Why Wildlife Conservation Is Important


You’d be surprised and possibly a bit saddened to know that there are an estimated 1,000 endangered animal and plant species worldwide and this number is only increasing (AnimalSake 2018). Off the top of your head you may already have a few animals you’ve heard as being endangered. This list may include the bengal tiger, polar bears, gorillas and, surprisingly, sea otters.

There is much research out there to spell out what’s happening and how we can prevent further damage. Let’s have a look.

First, what is wildlife? Your pet cat, dog, or bird used to be a part of this group and still technically fall under the label of wildlife. Undomesticated animal species are normally labeled as such and occasionally flora falls under this. This has also come to include fungi and other species that haven’t been introduced to humans.

Unfortunately, wildlife may not be introduced to humans themselves but to the effects humans have on the planet. Activities such as deforestation, urbanization, and overfishing and things such as global warming has been having an effect on the flora/fauna population.

“Because of global warming, polar bears are resorting to cannibalism, as a result of loss of ice. 10’s of thousands of Adélie penguins have died in the Antarctic, apparently because ice no longer extends far enough into the sea for them to reach their breeding grounds. If enough plants and animals start dying off, eventually the changes will work their way up the food chain until humans are threatened” (Vashi 2013).

Deforestation is another problem to tackle. To make room for agriculture and cattle, farmers and ranchers will cut down forests and occasionally use the slash-and-burn technique you may have learned in freshman year of highschool. “These fires not only alter the structure and composition of forests, but they can open up forests to invasive species, threaten biological diversity, alter water cycles and soil fertility, and destroy the livelihoods of the people who live in and around the forests” (WWF).

LiveScience reports that according to the FAO, half of the world’s tropical forests have been cleared. Compared to the world’s landmass, forests still cover 30% of it, “but swaths half the size of England are lost each year” (National Geographic). LiveScience also reports that the Earth loses 18.7 million acres of forests per year, which is equal to 27 soccer fields every minute, according to the World Wildlife Fund. Deforestation also plays a hand in 15% of greenhouse gas emissions (WWF) which leads to global warming as stated before and eventually causing problems for the ecosystem and wildlife.

WWF’s 2016 Living Planet Report found global populations of fish, birds, mammals, amphibians and reptiles declined by 58% between 1970 and 2012. WWF also reported that “we’re seeing the largest drop in freshwater species: on average, there’s been a whopping 81% decline in that time period.”

Freshwater ecosystems are usually very fragile and they only cover about 1% of the world. Humans, though, divert their flow, pollute them, and drain them of resources (Kazmeyer). Humans rely on freshwater, too, but our effect on them is rather devastating. Some ways humans have altered freshwater ecosystems is with the overuse of water and pollution and chemical runoff.

The waterways that help wildlife thrive is also the water that is supplied to towns and cities. When water is overused, the natural renewal of these waterways can affect the ecosystem negatively. “Reducing the amount of water in lakes and other reservoirs puts pressure on aquatic populations, reducing the amount of living space available, and in some cases, it dries up streams and ponds entirely” (Kazmeyer).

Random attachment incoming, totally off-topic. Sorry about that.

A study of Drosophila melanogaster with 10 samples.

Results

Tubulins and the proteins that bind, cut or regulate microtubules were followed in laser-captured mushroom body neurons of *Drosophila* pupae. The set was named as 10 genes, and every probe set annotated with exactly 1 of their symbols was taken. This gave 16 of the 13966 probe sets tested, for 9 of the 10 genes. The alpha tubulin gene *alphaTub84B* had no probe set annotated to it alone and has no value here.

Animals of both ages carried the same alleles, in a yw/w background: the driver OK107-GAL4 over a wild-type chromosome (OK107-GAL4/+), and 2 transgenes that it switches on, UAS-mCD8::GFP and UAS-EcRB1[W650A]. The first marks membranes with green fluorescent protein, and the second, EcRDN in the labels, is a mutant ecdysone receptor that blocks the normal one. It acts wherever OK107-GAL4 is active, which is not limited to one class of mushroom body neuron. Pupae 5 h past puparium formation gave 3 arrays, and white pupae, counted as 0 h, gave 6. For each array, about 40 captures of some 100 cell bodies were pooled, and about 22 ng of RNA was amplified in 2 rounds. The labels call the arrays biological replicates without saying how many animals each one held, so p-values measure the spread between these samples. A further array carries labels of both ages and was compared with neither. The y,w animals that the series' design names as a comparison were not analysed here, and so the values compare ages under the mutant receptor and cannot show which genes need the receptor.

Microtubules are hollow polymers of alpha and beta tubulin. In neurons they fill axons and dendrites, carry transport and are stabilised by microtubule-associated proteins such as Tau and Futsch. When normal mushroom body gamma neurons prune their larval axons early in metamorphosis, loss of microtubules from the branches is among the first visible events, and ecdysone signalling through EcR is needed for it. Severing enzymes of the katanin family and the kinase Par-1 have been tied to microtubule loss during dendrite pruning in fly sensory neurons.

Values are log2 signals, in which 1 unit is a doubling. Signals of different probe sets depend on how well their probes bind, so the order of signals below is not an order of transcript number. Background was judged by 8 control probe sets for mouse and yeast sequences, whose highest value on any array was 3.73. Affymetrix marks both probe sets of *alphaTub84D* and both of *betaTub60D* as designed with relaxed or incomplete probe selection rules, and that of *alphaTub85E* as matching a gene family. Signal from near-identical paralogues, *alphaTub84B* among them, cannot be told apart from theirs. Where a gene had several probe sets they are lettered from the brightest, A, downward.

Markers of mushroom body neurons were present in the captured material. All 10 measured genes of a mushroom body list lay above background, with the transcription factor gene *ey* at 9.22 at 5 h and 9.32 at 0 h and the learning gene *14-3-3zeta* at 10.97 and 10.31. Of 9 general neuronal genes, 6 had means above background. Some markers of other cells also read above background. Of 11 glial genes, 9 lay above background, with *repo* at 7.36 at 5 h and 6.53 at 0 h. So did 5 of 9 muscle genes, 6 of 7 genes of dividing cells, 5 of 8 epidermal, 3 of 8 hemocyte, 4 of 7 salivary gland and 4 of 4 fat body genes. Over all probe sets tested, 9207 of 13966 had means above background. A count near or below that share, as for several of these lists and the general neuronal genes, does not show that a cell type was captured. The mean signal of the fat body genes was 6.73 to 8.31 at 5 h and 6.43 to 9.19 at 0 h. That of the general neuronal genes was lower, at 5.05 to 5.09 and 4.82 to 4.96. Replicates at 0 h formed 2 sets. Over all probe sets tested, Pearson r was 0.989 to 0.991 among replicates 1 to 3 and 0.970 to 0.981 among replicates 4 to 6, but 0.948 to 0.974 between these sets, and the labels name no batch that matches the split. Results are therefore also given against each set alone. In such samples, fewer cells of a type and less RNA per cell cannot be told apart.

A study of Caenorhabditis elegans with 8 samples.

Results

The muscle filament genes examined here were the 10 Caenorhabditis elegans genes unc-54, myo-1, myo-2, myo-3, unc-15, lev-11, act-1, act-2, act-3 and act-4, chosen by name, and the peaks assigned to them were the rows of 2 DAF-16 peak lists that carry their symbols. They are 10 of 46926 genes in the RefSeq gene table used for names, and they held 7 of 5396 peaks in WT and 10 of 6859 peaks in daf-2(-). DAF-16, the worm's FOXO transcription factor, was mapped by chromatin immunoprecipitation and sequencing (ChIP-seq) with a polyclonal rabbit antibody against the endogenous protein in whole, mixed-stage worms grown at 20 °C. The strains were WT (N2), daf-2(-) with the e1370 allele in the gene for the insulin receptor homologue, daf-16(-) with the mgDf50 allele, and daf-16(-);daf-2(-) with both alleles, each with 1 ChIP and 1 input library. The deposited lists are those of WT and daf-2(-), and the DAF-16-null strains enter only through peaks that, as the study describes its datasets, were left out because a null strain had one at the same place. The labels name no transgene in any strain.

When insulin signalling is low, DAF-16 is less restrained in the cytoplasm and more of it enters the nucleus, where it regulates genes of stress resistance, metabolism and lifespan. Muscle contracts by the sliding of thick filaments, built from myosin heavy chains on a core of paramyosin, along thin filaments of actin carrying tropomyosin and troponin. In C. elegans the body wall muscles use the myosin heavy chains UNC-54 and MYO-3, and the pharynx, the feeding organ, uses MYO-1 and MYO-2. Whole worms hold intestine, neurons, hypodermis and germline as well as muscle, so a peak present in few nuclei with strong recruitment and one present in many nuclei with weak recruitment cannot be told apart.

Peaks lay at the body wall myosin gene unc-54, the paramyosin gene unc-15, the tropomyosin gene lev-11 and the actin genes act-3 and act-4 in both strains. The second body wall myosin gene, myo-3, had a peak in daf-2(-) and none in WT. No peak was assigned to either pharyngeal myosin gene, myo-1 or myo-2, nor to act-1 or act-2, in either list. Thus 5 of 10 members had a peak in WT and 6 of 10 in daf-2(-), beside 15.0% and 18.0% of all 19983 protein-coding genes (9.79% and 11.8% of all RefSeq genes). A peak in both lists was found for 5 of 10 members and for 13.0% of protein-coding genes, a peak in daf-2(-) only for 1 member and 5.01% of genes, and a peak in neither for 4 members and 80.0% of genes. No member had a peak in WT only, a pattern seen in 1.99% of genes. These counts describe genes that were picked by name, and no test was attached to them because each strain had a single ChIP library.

These ecosystems face pollution and runoff threats from nearby towns and cities as well. Kazmeyer states that “industrial dumping, particulate pollution from combustion engines, and agricultural fertilizers and pesticides, in many cases end up in rivers and streams, either falling there directly or carried to the waterways by rain.” Toxic pollutants have an effect on freshwater, yes, but less lethal compounds can affect the wildlife that relies on these waterways. “Some of these toxic substances can even cause genetic mutations, altering the life cycle of fish, amphibians and other wildlife and causing birth defects that can destroy a population over time” (Kazmeyer).

These are just some of the tragic effects of humans on the ecosystems worldwide. There are a number of other things that fall hand-in-hand with deforestation, water pollution, overfishing, poaching, illegal hunting, and a variety of other things. Of course, people are trying. We’ve been planting more trees, getting people to use and waste less water, we’re educating others on biodiversity and raising awareness. Humans have created sanctuaries for endangered species and are breeding them in captivity to raise the decreasing populations, but all of this isn’t enough just yet. We ourselves should go out and join a wildlife conservation cause. If we aren’t able to support anyone just yet, we should make others aware and have them support or spread the word as well.

There’s going to be a point when it’ll be too late and that’s when mostly everyone is going to truly try their best to conserve the wildlife populations. How long until we humans are the ones struggling to survive because the species that help us thrive are gone? I can’t say for certain, but what I can say that it’s going to require so many of us to try and start helping these plants and animals grow and live life to the fullest without having to run from what they may call home.